THE FOLLOWING post from “Tridentinist” recently appeared on FishEaters, an Internet forum devoted to issues of interest to traditional Catholics:

We attend the SSPX and also the Traditional Mass offered by my brother, who is a priest, and has come to offer the Traditional Mass in terms of Summorum Pontificum, though he still also says the Novus Ordo. We go to him when the SSPX does not have Mass at our chapel (two Sundays per month). Some SSPX faithful refuse to go, saying they would rather not attend even a Traditional Mass, than any non-SSPX Mass.

We recently had our child baptised by this latter priest. We chose him as he is the baby’s uncle, would baptise the baby in the traditional rite, and indeed was very willing to do so.

However, the SSPX priest was unhappy about this, saying we were compromising our status as “traditionalists” and forgetting the battle for Tradition. We stressed that we only asked this priest to baptise, as he was the baby’s uncle, himself often said the TLM, and would baptise in the old rite. However, the SSPX side of the family refused to attend the baptism of their grandchild/nephew (they miss Mass rather than attend non-SSPX TLMs) and told us it was their duty to shun all association with the mainstream church, old rite or not (the “Novus Ordo instition” as they term it) lest they lose their faith.

Now the baptism is done, but I’d be interested in knowing what people, especially but not only SSPXers, would do in this case. Do you think it was sinful? Or compromising? Or a betrayal of Tradition?

This post is of interest not so much for the practical question it asks (Is an SSPX priest or a diocesan priest preferable as the minister of a baptism in the traditional rite?) but for the larger issue it raises.

The various elements that coalesce in this incident reflect a fundamental problem with the SSPX apostolate that has existed from the beginning: the Society has never really given a coherent answer to the question “Is the Novus Ordo Catholic?” And by “Novus Ordo” I mean not just the New Mass, but the whole new order of doctrine, discipline and worship officially approved by Paul VI and his successors.

This was the crux of the matter in our dispute with SSPX in the early 1980s, and it continues to cause crises within SSPX and departures from its ranks.

Nearly all SSPX departures go “left,” that is, back to the Novus Ordo institution in one way or another, because if you have the idea drummed into you that sedevacantism is “schismatic” and then finally discover all those dogmatic texts insisting that subjection to the Roman Pontiff is necessary for salvation, logic (if not fear for your salvation) will lead you to put yourself under the authority of the man SSPX has been telling you is the Roman Pontiff.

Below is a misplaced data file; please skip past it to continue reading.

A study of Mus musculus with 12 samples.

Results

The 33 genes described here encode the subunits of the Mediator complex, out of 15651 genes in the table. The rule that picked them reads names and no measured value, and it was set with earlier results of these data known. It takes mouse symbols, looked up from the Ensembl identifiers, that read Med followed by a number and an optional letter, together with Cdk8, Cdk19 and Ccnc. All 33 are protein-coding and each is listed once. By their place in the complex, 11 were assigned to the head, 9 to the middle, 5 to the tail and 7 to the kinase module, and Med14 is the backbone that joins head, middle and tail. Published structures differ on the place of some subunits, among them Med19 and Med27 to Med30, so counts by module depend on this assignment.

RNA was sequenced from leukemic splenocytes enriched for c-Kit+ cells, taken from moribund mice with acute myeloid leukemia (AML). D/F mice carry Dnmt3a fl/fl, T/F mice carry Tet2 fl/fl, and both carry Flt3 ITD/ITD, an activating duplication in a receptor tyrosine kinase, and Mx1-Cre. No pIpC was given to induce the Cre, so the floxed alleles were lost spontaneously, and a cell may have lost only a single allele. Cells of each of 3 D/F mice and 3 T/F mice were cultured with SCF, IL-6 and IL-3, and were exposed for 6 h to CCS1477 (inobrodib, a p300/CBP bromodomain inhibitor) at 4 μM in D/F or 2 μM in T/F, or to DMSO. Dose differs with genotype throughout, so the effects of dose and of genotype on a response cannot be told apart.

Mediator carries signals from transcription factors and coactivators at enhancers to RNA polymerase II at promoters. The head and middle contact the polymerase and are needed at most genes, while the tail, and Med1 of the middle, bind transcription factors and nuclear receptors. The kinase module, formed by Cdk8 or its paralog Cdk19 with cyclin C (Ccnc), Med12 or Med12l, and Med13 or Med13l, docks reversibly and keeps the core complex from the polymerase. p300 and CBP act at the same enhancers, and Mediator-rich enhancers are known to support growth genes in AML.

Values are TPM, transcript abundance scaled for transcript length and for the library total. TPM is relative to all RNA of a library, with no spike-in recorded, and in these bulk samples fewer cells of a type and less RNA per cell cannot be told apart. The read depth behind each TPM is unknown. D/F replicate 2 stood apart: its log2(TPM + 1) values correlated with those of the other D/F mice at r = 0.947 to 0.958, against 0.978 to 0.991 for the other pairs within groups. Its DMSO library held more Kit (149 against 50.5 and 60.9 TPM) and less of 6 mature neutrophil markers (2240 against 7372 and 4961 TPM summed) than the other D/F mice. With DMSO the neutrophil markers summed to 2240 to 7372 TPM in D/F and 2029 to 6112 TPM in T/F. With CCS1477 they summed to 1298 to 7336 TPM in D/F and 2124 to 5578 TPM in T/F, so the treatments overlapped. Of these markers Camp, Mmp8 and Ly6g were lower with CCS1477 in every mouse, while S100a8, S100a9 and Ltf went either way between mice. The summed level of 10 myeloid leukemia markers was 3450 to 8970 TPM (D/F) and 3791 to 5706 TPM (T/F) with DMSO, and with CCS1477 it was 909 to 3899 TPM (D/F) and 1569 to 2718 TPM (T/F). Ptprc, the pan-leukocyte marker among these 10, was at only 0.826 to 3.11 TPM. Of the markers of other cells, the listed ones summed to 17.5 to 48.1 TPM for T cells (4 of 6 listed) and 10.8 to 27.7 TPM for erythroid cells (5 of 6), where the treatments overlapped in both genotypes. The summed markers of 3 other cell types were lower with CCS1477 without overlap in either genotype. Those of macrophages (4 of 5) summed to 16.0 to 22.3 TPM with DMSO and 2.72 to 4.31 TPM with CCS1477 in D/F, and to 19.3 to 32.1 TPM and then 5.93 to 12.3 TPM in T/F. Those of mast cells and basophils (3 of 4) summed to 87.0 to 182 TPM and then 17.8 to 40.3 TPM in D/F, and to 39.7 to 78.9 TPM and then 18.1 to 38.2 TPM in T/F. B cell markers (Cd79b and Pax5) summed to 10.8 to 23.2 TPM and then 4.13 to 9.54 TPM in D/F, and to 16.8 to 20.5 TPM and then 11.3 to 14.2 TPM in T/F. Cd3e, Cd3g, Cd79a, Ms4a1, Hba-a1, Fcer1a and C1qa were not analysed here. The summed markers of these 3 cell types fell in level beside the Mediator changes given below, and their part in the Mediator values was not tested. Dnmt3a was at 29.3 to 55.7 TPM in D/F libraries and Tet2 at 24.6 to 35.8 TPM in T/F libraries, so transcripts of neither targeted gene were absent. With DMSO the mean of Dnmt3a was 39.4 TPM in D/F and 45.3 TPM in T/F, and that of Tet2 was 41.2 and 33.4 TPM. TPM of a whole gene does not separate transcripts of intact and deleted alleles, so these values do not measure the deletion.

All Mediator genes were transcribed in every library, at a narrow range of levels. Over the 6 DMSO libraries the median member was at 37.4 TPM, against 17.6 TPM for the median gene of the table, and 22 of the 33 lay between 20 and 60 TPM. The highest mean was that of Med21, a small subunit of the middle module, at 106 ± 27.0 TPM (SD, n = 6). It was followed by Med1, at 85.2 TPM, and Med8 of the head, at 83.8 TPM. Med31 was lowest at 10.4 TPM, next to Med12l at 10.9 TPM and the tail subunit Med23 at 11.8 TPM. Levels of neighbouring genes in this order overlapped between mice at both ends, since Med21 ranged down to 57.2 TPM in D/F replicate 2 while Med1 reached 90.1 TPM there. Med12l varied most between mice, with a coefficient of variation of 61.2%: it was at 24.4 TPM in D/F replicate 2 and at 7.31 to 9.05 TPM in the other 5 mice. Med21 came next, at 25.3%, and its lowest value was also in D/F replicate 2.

Indeed, I received an e-mail a few days ago from someone informing me that a relative of hers who is a young priest in SSPX is just about to do this. (This is not the sort of stuff that SSPX will discuss and analyze in its publications and web apostolate; the policy is strictly “NON-DICI.”)

Tridentinist’s puzzlement about the SSPX priest and laymen objecting to the baptism by the parish priest is perfectly understandable.

If the only real issue is whether a Catholic is compromising his status as “a traditionalist” or whether he is “forgetting the battle for Tradition,” who gets to say what is traditional and what is not? Why not Tridentinist, just as well as SSPX?

And why object to baptism — in the traditional rite, no less — by a priest who is “in full communion” with the pope? Isn’t the priest’s status merely one that Bishop Fellay is seeking to obtain for the whole Society?

Archbishop Lefebvre, speaking of the disconnect between Paul VI’s words and his actions, famously said “we suffer from this continual incoherence.” The same could be said of the SSPX intellectual disconnect reflected in the case under discussion.

This has been going on for decades, as may be seen from the then-Father Sanborn’s 1984 article The Crux of the Matter.

In one sense, SSPX has a winning formula: on one hand, it can tell skeptical Catholics that it does indeed “recognize” the pope. On the other hand, SSPX is spared the inconvenience of actual subjection to him whom it “recognizes.” Support then rolls in from those who lack the theological sophistication to realize that a Catholic can’t have one without the other. Cha-ching!

So, on the level of principle, the matter of SSPX’s status remains in a state of suspended animation, nourished by the IV drip of “negotiations” and endless, near-Talmudic arguments over the meaning what Bp. Fellay said THIS week.

Meanwhile, the fundamental question — Is the Novus Ordo Catholic? — goes unanswered.